Weekend Takeaways from Cork and Naas

Monday, January 07, 2019
Meri Deri

Meri Devie and Bryan Cooper after winning the "Irish Stallion Farms EBF Mares Beginners Chase" at Naas

Rebel Rousers

Home advantage certainly played its part at Cork on Saturday as three of the seven winners were trained in the Rebel County and in each contest, it was a Rebel-rousing one-two.


Robert Tyner would have had a big smile on his face making the drive back to Kinsale, thanks to a double recorded courtesy of Midnight Stroll and Concordin. The former swooped late under Philip Enright to deny Chatham Street Lad, the Michael Winters-trained gelding that carried plenty of late confidence.


The winner is owned by Brendan Keogh, a staunch racing supporter who has horses in training on both sides of the Irish Sea and owned Couer De Lion, the first of two consecutive Goffs Land Rover Bumper victors for Tyner in 2016.


Keogh is also a successful greyhound owner and his King Turbo claimed a record fourth Category One prize in Britain in a calendar year when triumphant in the Olympic final at Hove on December 27.


The Jody McGarvey-navigated Concordin scuppered the most local of victories, just sticking his neck out to pip Danse Away, trained outside Mallow in Killavullen by TJ Nagle.


John J Walsh is always a man to follow in his native county (as well as nearby Limerick) and he produced the goods once more when Bridies Prince benefited from a positive Ambrose McCurtin ride to defeat Overbury Prince.


If Terence O’Brien was disappointed by this reverse however, the very impressive win by Articulum at Naas yesterday soon put him back in good form and he is now dreaming of Grade One glory at the Dublin Racing Festival.


Now that would be a Corker!




They don’t always know!

Noel Meade recorded a double at Cork on Saturday thanks to Eurobot and Behind The Curtain, and followed up with the potentially high-class Valdieu at Naas yesterday, to make him the weekend’s most successful trainer.


The modest master of Tu Va Stables admitted after Eurobot’s three-mile maiden success at Mallow that he had misjudged his charge considerably, telling Gigginstown House Stud manager Eddie O’Leary six weeks previously that the five-year-old Malinas gelding was “useless and too slow”. Just goes to show, even the very best get it wrong!


Mind you, they get it right more often. Valdieu needed a remarkable seventh stab at it to get off the mark in bumpers, leaving Meade scratching his head as the son of Diamond Boy had been working like a very good horse. He had 10 lengths to spare when he did record that overdue success at Down Royal however and followed that up with an impressive debut over hurdles in Mallow. The Dublin Racing Festival is next on the agenda.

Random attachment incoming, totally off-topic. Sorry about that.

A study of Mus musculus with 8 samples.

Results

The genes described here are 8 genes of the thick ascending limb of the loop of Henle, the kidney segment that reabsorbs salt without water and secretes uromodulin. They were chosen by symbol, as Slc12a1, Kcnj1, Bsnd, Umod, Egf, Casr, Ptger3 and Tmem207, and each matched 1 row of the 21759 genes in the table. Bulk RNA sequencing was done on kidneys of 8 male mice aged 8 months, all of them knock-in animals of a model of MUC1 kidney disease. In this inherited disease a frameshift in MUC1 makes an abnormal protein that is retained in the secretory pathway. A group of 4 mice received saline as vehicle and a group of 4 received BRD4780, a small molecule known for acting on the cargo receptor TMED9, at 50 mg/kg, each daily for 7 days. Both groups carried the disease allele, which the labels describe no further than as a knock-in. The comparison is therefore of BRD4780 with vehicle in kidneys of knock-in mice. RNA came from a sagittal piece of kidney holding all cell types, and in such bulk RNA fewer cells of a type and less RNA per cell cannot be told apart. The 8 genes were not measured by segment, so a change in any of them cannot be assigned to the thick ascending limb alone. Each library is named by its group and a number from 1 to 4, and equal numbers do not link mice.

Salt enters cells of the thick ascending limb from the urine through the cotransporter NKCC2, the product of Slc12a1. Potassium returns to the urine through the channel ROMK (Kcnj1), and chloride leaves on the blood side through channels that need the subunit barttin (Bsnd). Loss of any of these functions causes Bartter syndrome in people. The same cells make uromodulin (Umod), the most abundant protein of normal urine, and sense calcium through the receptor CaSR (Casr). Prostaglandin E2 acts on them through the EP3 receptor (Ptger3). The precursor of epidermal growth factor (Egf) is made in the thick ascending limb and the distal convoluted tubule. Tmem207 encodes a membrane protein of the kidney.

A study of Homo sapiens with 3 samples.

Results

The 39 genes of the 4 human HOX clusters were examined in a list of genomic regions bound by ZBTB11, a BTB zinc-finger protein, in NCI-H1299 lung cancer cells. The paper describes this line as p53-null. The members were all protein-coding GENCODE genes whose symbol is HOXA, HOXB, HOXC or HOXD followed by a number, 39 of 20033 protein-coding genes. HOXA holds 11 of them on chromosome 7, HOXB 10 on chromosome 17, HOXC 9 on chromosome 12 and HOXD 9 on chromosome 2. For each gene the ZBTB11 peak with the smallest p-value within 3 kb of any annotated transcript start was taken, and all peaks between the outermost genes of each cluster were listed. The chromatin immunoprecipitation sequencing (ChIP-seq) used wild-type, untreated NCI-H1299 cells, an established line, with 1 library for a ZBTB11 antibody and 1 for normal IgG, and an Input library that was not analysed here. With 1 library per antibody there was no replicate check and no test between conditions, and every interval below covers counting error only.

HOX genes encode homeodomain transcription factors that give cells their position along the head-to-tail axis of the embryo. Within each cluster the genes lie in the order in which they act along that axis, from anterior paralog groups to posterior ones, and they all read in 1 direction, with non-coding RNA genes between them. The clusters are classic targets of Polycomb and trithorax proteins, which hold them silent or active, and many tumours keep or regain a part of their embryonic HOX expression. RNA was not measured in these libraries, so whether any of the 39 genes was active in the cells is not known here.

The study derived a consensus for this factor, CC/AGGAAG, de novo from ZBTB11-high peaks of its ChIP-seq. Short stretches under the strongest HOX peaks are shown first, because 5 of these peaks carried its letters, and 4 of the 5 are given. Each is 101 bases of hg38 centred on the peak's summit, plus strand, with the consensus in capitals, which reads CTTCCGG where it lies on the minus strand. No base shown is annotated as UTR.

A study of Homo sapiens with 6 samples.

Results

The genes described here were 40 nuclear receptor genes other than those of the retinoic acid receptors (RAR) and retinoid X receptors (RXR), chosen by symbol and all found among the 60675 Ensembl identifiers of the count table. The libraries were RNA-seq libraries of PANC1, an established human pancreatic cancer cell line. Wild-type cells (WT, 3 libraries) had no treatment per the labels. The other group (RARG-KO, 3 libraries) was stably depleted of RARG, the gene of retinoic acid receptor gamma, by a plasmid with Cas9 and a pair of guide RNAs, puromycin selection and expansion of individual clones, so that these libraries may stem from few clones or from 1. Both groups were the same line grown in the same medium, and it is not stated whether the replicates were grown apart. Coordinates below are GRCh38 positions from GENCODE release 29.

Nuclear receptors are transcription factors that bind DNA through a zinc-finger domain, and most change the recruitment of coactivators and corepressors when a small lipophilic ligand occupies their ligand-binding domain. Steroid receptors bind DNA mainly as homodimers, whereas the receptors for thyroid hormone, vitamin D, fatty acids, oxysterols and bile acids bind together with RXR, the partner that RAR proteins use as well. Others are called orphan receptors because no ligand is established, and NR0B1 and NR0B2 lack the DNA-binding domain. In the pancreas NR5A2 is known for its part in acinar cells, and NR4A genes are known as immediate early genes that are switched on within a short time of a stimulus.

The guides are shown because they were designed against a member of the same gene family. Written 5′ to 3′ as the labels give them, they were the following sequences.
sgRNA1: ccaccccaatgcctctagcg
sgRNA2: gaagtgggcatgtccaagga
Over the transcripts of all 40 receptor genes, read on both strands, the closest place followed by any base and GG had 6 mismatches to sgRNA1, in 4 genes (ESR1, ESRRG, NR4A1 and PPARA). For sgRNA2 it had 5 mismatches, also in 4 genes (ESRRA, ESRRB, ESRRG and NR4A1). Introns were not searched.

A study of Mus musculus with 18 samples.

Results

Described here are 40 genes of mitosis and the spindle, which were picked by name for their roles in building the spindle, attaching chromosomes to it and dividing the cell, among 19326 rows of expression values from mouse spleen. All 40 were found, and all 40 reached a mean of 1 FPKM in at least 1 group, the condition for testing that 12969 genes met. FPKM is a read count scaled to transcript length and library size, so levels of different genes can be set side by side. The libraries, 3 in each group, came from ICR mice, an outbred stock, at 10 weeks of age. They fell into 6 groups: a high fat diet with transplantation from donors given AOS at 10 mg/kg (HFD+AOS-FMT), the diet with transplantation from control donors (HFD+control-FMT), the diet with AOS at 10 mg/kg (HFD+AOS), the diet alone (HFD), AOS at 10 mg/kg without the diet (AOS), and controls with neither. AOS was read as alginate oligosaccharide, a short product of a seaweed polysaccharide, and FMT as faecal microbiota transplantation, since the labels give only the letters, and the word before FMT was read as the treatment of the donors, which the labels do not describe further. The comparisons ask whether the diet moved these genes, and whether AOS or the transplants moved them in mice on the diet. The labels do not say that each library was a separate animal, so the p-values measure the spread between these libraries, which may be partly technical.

Devie makes Meri

Prior to her chasing debut yesterday, Meri Devie was last seen competing in a heritage handicap at Newmarket in October. If that sounds like a considerable seachange, it is in keeping with the six-year-old’s overall profile, as she wasn’t really supposed to run again at all.


Formerly owned by Andrea Wylie and trained by Willie Mullins, Meri Devie had won three times prior to this, most recently in a valuable handicap hurdle at the Punchestown Festival in April.


She was acquired by John Brennan with breeding in mind and while he was deciding on a potential suitor for his would-be broodmare, he gave her to Paul Nolan at the end of November to see if she might jump a fence.


Nolan saw enough to advise targeting a beginners chase and it was evident why, as she jumped and travelled very well in Bryan Cooper’s hands before claiming the honours. Connections may consider pursuing what would be invaluable black type now, particularly given her youth.


Motherhood may have to wait.




Opportunity knocks

Another top-class weekend of racing, which combined high quality fare and a host of tight finishes, provided numerous opportunities for a wide gamut of protagonists and the spoils were spread very evenly.


From the 14 races, there were 12 different jockeys that enjoyed the glow of success. Only two managed a brace of winners – David Mullins and Seán Flanagan.


There were 10 different trainers recording successes, Noel Meade the leader with three and Joseph O’Brien the only other multiple victor with two. Neither champion Willie Mullins nor the red-hot Henry de Bromhead were able to add to their seasonal tallies.


It was a similar story among owners, with 11 individual winners. Gigginstown House Stud with three, and JP McManus with two were the only owners with more than one triumph.


In all, 598 different owners have garnered a race of some nature during the National Hunt season to date, while 213 have won two or more. 


Another top-class weekend of racing, which combined high quality fare and a host of tight finishes, provided numerous opportunities for a wide gamut of protagonists and the spoils were spread very evenly.